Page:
Queen Victoria (1837-1901)
Japan’s First Railway (1) : As Japan’s ruling shoguns resist the tide of progress, a Nagasaki-based Scottish entrepreneur steps in.
Japan’s First Railway
Part one

With acknowledgements to ‘Dawn of Japanese Railways’ by Eiichi Aoki, Japan Railway & Transport Review No. 1 (pp. 28–30); and ‘Nagasaki in the Meiji Restoration’ by Sidney DeVere Brown (University of Wisconsin at Oshkosh).

The story of Japan’s first railway is bound up with the story of the country’s emergence from two centuries of self-imposed isolation. It is a tale in which the British played an important role, from engineer Edmund Morel to Thomas Glover, the Scottish merchant and railway enthusiast who took considerable risks to forge Japan’s lasting ties with the British Isles.


A locator map of Japan (modern borders) showing some of the places in this story.

A map showing places mentioned in this story (click to enlarge).

FOR over two centuries, Japan isolated herself from the rest of the world, a policy vigorously pursued by the Tokugawa Shogunate that had sidelined the Emperors.* But from 1853, zealous American, Russian and British merchants and their modern wares were grudgingly admitted into selected Japanese ports.

During a visit to Nagasaki that year, Russian admiral Yevfimiy Putyatin wowed Japanese officials with a live-steam model locomotive,* and American naval captain Matthew Perry showed off his own miniature railroad in Yokohama.* In 1865, Nagasaki resident Thomas Glover, a Scottish shipbuilding and coal-mining magnate working for Jardine Matheson, dared to set up two hundred yards of narrow-gauge railway on the city’s waterfront.* But the Shogunate was unmoved.

Change was on the way, however, and Tom Glover was key to it. He had already supplied guns and even a steamship to Nagasaki rebels keen to restore their Emperor as a British-style constitutional monarch, and smuggled twenty pro-Imperial samurai out on Jardine Matheson’s ships to London, for a British education.*

* The Tokugawa Shoguns (military dictators) ruled from 1603 to 1868, the Emperor having nominal authority but no more than a ceremonial function in practice. The ideal of isolation (‘sakoku’, literally ‘closed country’) was keenly felt: see our post The Bearded Foreigner.

* On how the British brought the first railways to Russia, see our post Russia’s First Railway. Admiral Putyatin’s model engine, together with a well-thumbed Dutch textbook, were used by Japanese engineer Tanaka Hisashige as a template for building his own working model steam locomotive in 1853: see a picture at Wikimedia Commons. It was the first working steam locomotive made by a Japanese person. The company Tanaka (his surname) founded subsequently became known as Toshiba.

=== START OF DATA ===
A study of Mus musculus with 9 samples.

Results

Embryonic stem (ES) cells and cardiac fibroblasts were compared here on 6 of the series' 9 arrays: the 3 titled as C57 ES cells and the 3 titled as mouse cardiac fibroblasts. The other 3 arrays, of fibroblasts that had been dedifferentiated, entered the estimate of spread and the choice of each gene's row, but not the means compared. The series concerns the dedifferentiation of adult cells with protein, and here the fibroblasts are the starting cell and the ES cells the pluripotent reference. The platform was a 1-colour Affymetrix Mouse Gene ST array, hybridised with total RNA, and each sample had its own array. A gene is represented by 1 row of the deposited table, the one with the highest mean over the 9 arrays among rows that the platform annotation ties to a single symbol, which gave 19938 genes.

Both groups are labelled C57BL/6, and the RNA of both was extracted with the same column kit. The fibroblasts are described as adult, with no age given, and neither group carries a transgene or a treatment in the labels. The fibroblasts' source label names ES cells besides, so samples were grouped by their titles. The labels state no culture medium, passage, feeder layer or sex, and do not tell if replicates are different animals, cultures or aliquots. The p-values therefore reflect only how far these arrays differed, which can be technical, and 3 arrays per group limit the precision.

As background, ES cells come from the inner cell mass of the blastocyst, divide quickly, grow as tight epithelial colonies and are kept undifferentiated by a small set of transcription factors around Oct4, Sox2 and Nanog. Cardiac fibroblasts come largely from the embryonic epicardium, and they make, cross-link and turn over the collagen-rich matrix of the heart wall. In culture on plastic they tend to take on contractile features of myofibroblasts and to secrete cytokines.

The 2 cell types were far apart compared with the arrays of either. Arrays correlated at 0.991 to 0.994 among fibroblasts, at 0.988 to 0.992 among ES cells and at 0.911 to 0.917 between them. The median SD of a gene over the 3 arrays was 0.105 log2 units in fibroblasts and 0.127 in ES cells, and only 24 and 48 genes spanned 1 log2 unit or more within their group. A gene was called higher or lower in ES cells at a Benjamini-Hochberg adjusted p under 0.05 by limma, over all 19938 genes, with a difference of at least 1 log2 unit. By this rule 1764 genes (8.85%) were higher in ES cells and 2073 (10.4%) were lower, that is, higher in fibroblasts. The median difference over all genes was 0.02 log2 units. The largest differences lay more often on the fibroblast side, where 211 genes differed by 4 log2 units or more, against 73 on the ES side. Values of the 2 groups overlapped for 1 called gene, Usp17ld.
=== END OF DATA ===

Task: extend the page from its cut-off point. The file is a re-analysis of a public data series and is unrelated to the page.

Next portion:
* Miniature railways are alive and well in Japan today: see the Shuzenji Romney Railway in Niji-no-Sato (Rainbow Park) in Izu, Shizuoka, which has close ties to the Romney, Hythe and Dymchurch Railway in Kent and the Ravenglass and Eskdale Railway in Cumbria.

* It was 2’6” in gauge, the same as the Welshpool & Llanfair Light Railway; the engine, named ‘Lord Wellington’ and nicknamed ‘The Iron Duke’, was imported from England via China, where it had been on display for an Exposition in Shanghai. See ‘Scottish Samurai’ by Alexander MacKay, and ‘At the Edge of Empire’ by Michael Gardiner; some of the details differ from those on Wikipedia.

* These samurai were typically naval cadets, who had attended naval training schools such as that established in Nagasaki in 1855 – the Shogunate was supported in this by the French, supplying arms and expertise. Like more modern opponents of capitalism and industrialisation, the Shoguns made an exception for their military.

With acknowledgements to ‘Dawn of Japanese Railways’ by Eiichi Aoki, Japan Railway & Transport Review No. 1 (pp. 28–30); and ‘Nagasaki in the Meiji Restoration’ by Sidney DeVere Brown (University of Wisconsin at Oshkosh).

Shinagawa Station in about 1897, with a train pulling away from the platforms on Japan’s first commercial railway line, opened in 1872. Shinagawa was the first stop after leaving Shimbashi (later Shiodome) Station in Tokyo, followed by Kawasaki, Tsurumi, Kanagawa and finally Sakuragicho Station in Yokohama. The loco is one of the ten J150 tank engines imported from the Vulcan Foundry in England, by this time slightly modified.